Google has published changes to YouTube’s Terms of Service Agreement that have stoked fears among some users. The new terms take effect Dec. 10.
One controversial provision addresses YouTube’s hosting responsibilities.
“Content is the responsibility of the person or entity that provides it to the Service,” states the new policy. “YouTube is under no obligation to host or serve Content.”
Another section, Terminations by YouTube for Service Changes, has creators in an uproar.
“YouTube may terminate your access, or your Google account’s access to all or part of the Service if YouTube believes, in its sole discretion, that provision of the Service to you is no longer commercially viable,” the new ToSA states.
So according to Youtube’s new Terms of Service, if your channel isn’t making them enough money, they’ll just terminate it. To all of the smaller content creators out there, it was nice knowing ya.
— MP (@MpNintendoFan) November 9, 2019
Many creators are deeply concerned over the prospect of YouTube changing its practices.
“A lot of people on the service make a living on it,” noted Rob Enderle, principal analyst at the Enderle Group, an advisory services firm in Bend, Ore.
“I don’t think Google gets that,” he told TechNewsWorld. “When you’re dealing with people’s income, you not only have to be straight with them, but you have to be careful about decisions that affect that income. You need empathy, and that empathy seems to be lacking in the company.”
YouTube’s latest changes make the agreement more transparent and easy to understand, noted spokesperson Ivy Choi, “all pretty standard practice.”
“We made some changes to our Terms of Service in order to make them easier to read and to ensure they’re up to date,” YouTube said in a statement Choi provided to TechNewsWorld. “We’re not changing the way our products work, how we collect or process data, or any of your settings. We’re also not changing how we work with creators, nor their rights over their works, or their right to monetize.”
Social media reactions to the news were mostly unfavorable.
I'm deleting all my YouTube accounts
— Merry Christmas from Woomitex (@Woomitex) November 10, 2019
I've been talking with a few friends of mineabout this the last 24 hours or so, it soundsabsolutely fucked, and if so, I don't think anysmall channel is going to survive, really sucks :/The worst part is that no site is ready to compete with YT yet, options are scarce.
— The Janitor (@PigManIam) November 11, 2019
eventually there will be an exodus from YT. Cannot happen soon enough – why have they shot themselves in the foot so damn many times over the past few years?
— Cat (@soaponarop) November 11, 2019
Liam Shackhorn tried to apply a cool compress on the fevered responses of his fellow Twitter users.
No, that's not what this means. This is basically them covering their asses if they have to cut someone who hurts the platform (ex: leafy) and cause advertisers to pull their fundingThis is a way of saying "if you hurt our site's funding in any way, we are allowed to stop you" https://t.co/OD9UlHgA1P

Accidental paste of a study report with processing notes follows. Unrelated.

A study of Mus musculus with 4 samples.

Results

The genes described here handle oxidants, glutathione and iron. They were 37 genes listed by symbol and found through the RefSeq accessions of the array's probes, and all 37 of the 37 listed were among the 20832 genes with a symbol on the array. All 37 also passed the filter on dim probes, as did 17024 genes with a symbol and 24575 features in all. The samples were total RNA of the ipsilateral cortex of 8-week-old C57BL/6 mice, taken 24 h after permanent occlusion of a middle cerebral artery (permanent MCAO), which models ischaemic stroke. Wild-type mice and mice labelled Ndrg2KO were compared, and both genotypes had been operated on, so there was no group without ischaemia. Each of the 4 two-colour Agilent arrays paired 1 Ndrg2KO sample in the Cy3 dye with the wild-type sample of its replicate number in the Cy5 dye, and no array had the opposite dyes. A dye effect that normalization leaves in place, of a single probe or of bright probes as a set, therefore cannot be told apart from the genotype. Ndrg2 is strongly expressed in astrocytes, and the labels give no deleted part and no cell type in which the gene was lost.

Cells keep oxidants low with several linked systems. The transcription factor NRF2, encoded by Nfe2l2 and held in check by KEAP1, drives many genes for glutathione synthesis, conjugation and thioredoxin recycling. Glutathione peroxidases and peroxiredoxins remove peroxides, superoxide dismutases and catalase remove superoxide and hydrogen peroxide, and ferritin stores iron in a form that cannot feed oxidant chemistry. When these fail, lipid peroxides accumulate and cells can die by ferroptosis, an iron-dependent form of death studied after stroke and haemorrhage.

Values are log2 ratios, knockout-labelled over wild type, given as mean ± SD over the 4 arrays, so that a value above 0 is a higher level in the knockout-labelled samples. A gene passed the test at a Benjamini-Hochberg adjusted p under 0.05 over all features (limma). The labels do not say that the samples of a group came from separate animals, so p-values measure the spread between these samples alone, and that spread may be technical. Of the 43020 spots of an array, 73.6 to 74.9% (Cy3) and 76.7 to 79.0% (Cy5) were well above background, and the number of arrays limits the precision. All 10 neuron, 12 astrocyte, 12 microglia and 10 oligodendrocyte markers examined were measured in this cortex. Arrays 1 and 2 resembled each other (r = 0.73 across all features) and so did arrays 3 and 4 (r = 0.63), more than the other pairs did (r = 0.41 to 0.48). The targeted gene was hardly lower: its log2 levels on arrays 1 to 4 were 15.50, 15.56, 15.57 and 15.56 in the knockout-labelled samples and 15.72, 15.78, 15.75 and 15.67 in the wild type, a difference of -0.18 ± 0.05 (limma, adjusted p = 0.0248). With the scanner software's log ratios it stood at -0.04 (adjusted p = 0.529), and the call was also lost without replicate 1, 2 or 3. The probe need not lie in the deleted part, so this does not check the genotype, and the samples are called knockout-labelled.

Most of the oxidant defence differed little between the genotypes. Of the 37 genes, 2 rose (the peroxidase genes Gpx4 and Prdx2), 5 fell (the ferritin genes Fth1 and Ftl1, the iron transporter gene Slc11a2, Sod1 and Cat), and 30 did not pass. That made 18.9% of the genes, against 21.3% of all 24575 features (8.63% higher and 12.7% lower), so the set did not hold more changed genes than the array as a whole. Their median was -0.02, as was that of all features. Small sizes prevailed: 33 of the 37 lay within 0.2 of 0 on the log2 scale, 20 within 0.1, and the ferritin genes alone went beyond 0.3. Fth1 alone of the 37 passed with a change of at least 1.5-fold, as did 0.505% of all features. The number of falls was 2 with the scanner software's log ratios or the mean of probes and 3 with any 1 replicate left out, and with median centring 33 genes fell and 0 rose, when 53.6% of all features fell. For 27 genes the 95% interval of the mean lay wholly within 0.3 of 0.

— Liam Shackhorn (@baby_shackhorn) November 10, 2019
External and Internal Motivators
These changes are both externally and internally motivated, maintained Karen North, director of the Annenberg Program on Online Communities at the University of Southern California in Los Angeles.
“They’re responding to the regulatory environment and also to problems that have evolved over time that they needed to fix,” she told TechNewsWorld.
Google and YouTube recently paid a record US$170 million to settle allegations that it illegally collected personal information from children without their parents’ consent.
In a complaint filed against the companies, the Federal Trade Commission and New York attorney general alleged that YouTube violated federal law by collecting personal information — in the form of persistent identifiers that are used to track users across the Internet — from viewers of child-directed channels, without first notifying parents and getting their consent.
YouTube earned millions of dollars by using the identifiers, commonly known as “cookies,” to deliver targeted ads to viewers of the channels, according to the complaint.
The new Terms of Service Agreement includes updates defining parent responsibility on YouTube and clarifications about age requirements.
“Whether it’s big digital platforms or traditional brick-and-mortar companies, sometimes companies need to change their rules in order to make sure they have the right to respond to problems that they’ve identified,” North said.
What the ToSA changes do for YouTube is give it a more clearcut right to intervene when problems arise, North said.
“They’ve put themselves in a position to make a unilateral decision to remove content or even accounts,” she noted.
In doing that, YouTube opens itself to criticism of censorship or favoritism, North suggested.
“They probably weighed the pros and cons between being the land of freedom of speech, or the land of taking more responsibility for content and users — still without being a publisher or creator,” she added. “This gives them an easier way to take action on content that is offensive, or accounts that are fake or manipulative.”
The changes also send a message to users about freedom of speech.
“Digital platforms are not town halls or public squares,” North observed. “They’re not subject to First Amendment rights.”
With the changes in the ToSA, YouTube is asserting its right to be the final arbiter of what appears on its service, she continued. “They’re saying let’s be clear and simple about our rules and our rights as owners of the platform.”
Although YouTube added language in the ToSA about commercial viability, North believes the service is less worried about money than power.
“I don’t think a creator’s profitability is their concern,” she said. “I think they’re talking about their right to intervene when there’s a problem.”